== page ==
There is no service provided by government more important than public education and no aspect of government over which the public has less control. Under the current system, there is no one who can be held accountable for the quality of our public schools. This has to change.
Compare education with the host of services in New York City that are under the direct control of the mayor. If the streets are dirty, the finger is pointed at the Department of Sanitation. Since the mayor appoints the Sanitation commissioner, the responsibility for clean streets belongs to City Hall. When crime raged out of control in New York City, the voters blamed Mayor David Dinkins. When crime was nearly cut in half, Mayor Giuliani took the credit. When it comes to public safety, economic development and even potholes, the buck stops on the mayor's desk. But when the discussion turns to overcrowded schools and low reading scores, no one is held accountable.
Yes, there was talk about the failures of Schools Chancellor Rudy Crew when the central Board of Education voted 4-3 recently not to renew his contract. However, no one, not even Crew's most outspoken enemies, believes that the schools chancellor has the authority or power to run the school system. Crew had to answer to a seven-member board, five of whom are there to do the bidding of the city's five borough presidents. As such, each board member represents a special interest group and the welfare of all of the children in the city's public schools always comes second. This is a system born of good intentions but destined to fail. Imagine how police would be deployed if a board such as this ran the NYPD.
The quagmire grows even more murky when one examines the School Construction Authority. The SCA was created to take the building of new schools out of the political arena. That sounds good, but like most authorities, the SCA is accountable to no one.
Nearly everyone agrees that the mammoth bureaucracy at 110 Livingston St. is not working. Whether one favors burning down the house or just selling it, the central Board of Education has to go.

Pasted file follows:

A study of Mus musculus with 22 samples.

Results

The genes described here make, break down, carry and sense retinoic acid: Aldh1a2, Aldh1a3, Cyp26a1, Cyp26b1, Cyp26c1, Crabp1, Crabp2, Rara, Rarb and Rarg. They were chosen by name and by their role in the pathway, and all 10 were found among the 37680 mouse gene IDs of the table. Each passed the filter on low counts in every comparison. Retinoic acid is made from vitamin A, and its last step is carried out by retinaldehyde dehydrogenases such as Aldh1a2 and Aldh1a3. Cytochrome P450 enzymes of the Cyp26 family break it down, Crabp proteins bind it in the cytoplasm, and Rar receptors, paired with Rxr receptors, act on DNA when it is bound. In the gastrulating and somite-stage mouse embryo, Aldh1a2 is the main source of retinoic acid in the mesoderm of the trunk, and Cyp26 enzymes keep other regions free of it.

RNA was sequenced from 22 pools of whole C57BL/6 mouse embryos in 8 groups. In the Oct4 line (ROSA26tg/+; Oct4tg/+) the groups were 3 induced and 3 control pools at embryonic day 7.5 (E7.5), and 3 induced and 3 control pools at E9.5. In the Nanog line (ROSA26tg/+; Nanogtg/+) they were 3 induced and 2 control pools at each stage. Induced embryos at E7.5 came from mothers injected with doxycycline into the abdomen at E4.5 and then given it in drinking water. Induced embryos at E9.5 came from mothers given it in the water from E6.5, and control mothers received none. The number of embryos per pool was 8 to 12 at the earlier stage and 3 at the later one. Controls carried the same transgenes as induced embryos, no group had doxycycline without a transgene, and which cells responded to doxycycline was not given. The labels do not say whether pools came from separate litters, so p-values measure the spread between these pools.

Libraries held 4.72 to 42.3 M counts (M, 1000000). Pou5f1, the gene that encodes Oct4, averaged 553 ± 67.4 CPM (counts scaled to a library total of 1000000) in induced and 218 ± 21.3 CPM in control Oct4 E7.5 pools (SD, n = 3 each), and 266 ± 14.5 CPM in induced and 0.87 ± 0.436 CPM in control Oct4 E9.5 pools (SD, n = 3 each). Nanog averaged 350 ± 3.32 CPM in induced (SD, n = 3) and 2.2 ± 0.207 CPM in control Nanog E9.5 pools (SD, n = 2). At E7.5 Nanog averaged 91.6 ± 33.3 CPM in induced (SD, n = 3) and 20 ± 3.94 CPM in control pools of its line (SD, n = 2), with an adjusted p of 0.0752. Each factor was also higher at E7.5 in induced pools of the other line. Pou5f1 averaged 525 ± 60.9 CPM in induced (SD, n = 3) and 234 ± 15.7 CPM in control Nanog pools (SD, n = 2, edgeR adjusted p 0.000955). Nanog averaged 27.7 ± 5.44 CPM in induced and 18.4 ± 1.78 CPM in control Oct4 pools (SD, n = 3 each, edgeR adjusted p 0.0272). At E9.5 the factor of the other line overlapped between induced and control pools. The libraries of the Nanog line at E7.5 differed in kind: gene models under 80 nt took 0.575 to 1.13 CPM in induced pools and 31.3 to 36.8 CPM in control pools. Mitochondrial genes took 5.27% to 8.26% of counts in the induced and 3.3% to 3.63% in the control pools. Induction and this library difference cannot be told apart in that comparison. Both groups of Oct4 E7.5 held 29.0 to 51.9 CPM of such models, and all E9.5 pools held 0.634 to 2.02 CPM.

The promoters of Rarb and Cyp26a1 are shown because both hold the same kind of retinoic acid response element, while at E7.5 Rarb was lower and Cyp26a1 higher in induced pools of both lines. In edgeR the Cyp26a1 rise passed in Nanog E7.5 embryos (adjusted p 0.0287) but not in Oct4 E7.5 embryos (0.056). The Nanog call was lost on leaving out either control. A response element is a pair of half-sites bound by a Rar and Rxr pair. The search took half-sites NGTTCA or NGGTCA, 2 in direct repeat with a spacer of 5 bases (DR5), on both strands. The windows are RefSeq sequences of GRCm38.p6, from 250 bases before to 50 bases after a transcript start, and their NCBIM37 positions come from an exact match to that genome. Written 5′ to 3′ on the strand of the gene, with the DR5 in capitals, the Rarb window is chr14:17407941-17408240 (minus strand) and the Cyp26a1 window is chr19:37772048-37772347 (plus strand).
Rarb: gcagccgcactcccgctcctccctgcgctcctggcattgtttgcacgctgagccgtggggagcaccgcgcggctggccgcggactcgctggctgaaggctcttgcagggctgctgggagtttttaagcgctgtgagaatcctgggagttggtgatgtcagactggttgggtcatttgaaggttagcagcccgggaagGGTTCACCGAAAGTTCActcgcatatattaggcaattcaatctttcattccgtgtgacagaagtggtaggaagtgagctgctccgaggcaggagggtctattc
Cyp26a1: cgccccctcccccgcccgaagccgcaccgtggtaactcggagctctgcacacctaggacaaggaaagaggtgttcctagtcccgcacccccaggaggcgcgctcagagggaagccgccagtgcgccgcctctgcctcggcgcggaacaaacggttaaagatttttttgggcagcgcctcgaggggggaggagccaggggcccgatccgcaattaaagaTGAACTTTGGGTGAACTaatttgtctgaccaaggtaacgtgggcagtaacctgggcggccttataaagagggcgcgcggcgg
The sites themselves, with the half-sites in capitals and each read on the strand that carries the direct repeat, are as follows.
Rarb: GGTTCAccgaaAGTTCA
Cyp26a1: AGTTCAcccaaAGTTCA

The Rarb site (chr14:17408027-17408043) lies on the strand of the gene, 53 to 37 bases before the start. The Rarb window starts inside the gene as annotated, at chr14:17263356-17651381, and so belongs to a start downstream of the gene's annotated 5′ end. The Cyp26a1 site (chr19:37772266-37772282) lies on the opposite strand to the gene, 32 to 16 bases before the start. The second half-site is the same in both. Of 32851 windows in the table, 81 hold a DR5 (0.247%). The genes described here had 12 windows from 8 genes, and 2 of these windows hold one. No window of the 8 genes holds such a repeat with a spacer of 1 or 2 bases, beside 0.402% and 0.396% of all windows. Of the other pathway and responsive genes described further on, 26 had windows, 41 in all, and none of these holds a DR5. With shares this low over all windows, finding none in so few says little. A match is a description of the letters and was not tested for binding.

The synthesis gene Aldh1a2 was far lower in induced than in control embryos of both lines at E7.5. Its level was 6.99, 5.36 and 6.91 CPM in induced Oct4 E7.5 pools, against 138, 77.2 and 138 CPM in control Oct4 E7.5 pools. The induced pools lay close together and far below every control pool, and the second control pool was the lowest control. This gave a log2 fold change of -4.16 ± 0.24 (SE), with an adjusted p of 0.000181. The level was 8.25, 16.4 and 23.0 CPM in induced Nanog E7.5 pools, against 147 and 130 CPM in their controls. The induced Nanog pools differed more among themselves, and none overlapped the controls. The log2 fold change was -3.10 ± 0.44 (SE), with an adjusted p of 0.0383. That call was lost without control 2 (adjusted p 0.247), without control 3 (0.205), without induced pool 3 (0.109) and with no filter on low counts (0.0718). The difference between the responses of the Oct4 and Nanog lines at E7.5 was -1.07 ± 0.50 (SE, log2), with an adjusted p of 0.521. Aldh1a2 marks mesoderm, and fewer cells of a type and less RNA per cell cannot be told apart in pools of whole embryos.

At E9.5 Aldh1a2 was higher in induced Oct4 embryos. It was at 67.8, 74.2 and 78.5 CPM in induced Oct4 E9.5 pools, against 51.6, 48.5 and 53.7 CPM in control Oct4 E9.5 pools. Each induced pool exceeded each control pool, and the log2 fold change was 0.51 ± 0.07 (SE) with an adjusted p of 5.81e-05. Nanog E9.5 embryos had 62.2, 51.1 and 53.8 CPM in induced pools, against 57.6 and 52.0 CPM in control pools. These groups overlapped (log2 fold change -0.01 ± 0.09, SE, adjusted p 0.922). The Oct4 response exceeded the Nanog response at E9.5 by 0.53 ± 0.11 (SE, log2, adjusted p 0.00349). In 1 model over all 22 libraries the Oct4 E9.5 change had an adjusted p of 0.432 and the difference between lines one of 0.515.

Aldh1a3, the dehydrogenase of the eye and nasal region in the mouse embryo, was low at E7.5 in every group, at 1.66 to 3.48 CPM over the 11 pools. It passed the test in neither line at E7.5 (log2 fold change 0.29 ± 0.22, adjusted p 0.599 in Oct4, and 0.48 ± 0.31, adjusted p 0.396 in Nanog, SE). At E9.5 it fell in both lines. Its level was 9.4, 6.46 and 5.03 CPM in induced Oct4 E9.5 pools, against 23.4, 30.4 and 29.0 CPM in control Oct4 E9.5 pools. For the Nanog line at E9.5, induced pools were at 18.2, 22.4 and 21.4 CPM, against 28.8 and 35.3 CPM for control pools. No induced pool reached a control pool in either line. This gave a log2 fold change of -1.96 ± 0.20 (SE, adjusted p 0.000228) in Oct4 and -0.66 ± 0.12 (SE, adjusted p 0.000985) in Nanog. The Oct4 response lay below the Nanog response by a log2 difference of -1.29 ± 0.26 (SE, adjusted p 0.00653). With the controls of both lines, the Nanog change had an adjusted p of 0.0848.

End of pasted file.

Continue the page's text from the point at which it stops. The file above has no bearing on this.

Currently there are at least two proposals on the table for changing the system that runs the city's public schools. The first is to make education a mayoral agency. The mayor would appoint an education commissioner and, if the schools are not doing well, the people would know exactly whom to blame. Should this happen, there would be no more important issue in future mayoral campaigns than the quality of the schools.
Under the second proposal, the central Board of Education would be divided into five independent borough boards. The principle here is that the city's public school system is much too large to be run by one centralized board. A Queens board would be empowered to deal with the unique challenges facing a borough that continues to grow. At present, there is no plan to compensate for the influx of immigrants into this borough, even though the problems we are experiencing today were clearly foreseeable.
Both proposals have their merits. Either would be an improvement and would add a measure of accountability. The question now is whether the state Legislature can do the job. We have little hope that a body that has not delivered a budget on time in 15 years will find the courage and energy to enact the needed reforms. For the most part, our state senators and assembly members are content to busy themselves with photo ops and other ceremonial duties. Little of substance gets accomplished and reforming the school system would present a monumental challenge complicated by powerful competing interests. It is likely that nothing will get done unless the voters make it clear that breaking up the city's Board of Education is something that has to be done.